The U.S. Department of the Treasury’s Financial Crimes Enforcement Network (FinCEN) recently issued the Beneficial Ownership “Reporting Rule,” which will directly affect some small business entities. The new rule will go into effect on January 1, 2024. Over the next few weeks, the Foundry Law Group will present several blog posts that will inform you on: an overview of the new rule, who has to report under the new rule, and what information your company needs to report.
What Does the Reporting Rule Require?
The new Reporting Rule mandates that certain business entities file beneficial ownership information (BOI) reports to FinCEN. These reports are sometimes referred to as “BOI reports.” BIO reports are supposed to contain certain information about:
- The business entity that is reporting,
- The company’s “beneficial owners,” and
- “Company applicants.”
A subsequent blog post will provide more precise details on what information a company should report. For now, please note that a “beneficial owner” is an individual who owns or controls at least 25% of the subject company or has substantial control over the company. Further, a “company applicant” is an individual who directly files or is primarily responsible for the filing of the document that creates or registers the company.
What Happens if a Company Is Owned by Another Company?
An immediate question many businesses have is what if they are owned by another entity? Do these companies have to disclose ownership of that entity?
The answer goes back to the concept of beneficial ownership. If the owner of a company is a “beneficial owner,” then a reporting company has to disclose ownership of that company.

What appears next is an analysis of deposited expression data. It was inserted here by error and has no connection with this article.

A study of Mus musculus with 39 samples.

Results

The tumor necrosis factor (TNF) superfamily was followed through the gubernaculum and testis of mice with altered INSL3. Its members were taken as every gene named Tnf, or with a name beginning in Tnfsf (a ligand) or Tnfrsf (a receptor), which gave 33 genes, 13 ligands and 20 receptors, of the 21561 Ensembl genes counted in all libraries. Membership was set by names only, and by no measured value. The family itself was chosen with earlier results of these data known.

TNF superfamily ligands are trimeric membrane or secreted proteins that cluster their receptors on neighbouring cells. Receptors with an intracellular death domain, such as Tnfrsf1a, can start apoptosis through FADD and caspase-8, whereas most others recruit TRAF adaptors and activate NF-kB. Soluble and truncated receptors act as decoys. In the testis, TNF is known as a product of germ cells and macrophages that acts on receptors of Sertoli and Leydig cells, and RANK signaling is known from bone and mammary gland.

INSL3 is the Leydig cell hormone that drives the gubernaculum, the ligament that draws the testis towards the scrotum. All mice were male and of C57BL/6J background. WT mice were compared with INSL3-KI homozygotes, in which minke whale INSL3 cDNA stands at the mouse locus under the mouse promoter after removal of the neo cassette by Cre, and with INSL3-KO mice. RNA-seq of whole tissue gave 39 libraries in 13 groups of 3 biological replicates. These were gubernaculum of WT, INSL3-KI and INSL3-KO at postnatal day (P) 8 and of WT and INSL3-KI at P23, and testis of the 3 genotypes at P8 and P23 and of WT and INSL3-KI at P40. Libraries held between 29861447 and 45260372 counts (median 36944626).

For reporting purposes, a beneficial owner is any individual or entity that, directly or indirectly, through any contract, arrangement, understanding, relationship, or otherwise either exercises substantial control over the reporting company or owns or controls at least 25% of the ownership interests of the reporting company.
Therefore, if an entity owns a reporting business and either has substantial control over that business or controls at least 25% of the business, then the business has to disclose ownership by the entity.
When should a business file a report?
FinCEN will start accepting reports on January 1, 2024. But please note the following:
- Reporting companies created or registered to do business before January 1, 2024 will have until January 1, 2025 to file their initial BOI reports.
- Reporting companies created or registered on or after January 1, 2024 will have 30 days after receiving notice of their company’s creation or registration to file their initial BOI reports.
What are the Penalties for Not Reporting?
The failure to meet reporting requirements can result in civil or criminal penalties. The willful failure to file a complete initial or updated report is subject to:
- A $500 per-day fine (up to $10,000), and
- Imprisonment for up to two years.
Are There Resources to Learn More?
Yes. We recommend the following:
- More information regarding the Reporting Rule can be found at fincen.gov/boi.
- FinCEN has issued some FAQs on specific issues and topics. You can find them here: fincen.gov/boi-faqs.
- Keep an eye out for additional blog posts from the Foundry Law Group that goes into more detail regarding the reporting requirements.
Still More Questions?
Foundry Law Group Is Here to Help!
The attorneys at Foundry Law Group have years of experience in helping businesses form, manage, and protect themselves from risks and concerns. Our team follows the latest developments affecting our clients’ operations, and we apply that knowledge as we build proactive strategies for long-term solutions. We are always here to help so make sure to contact our talented team now!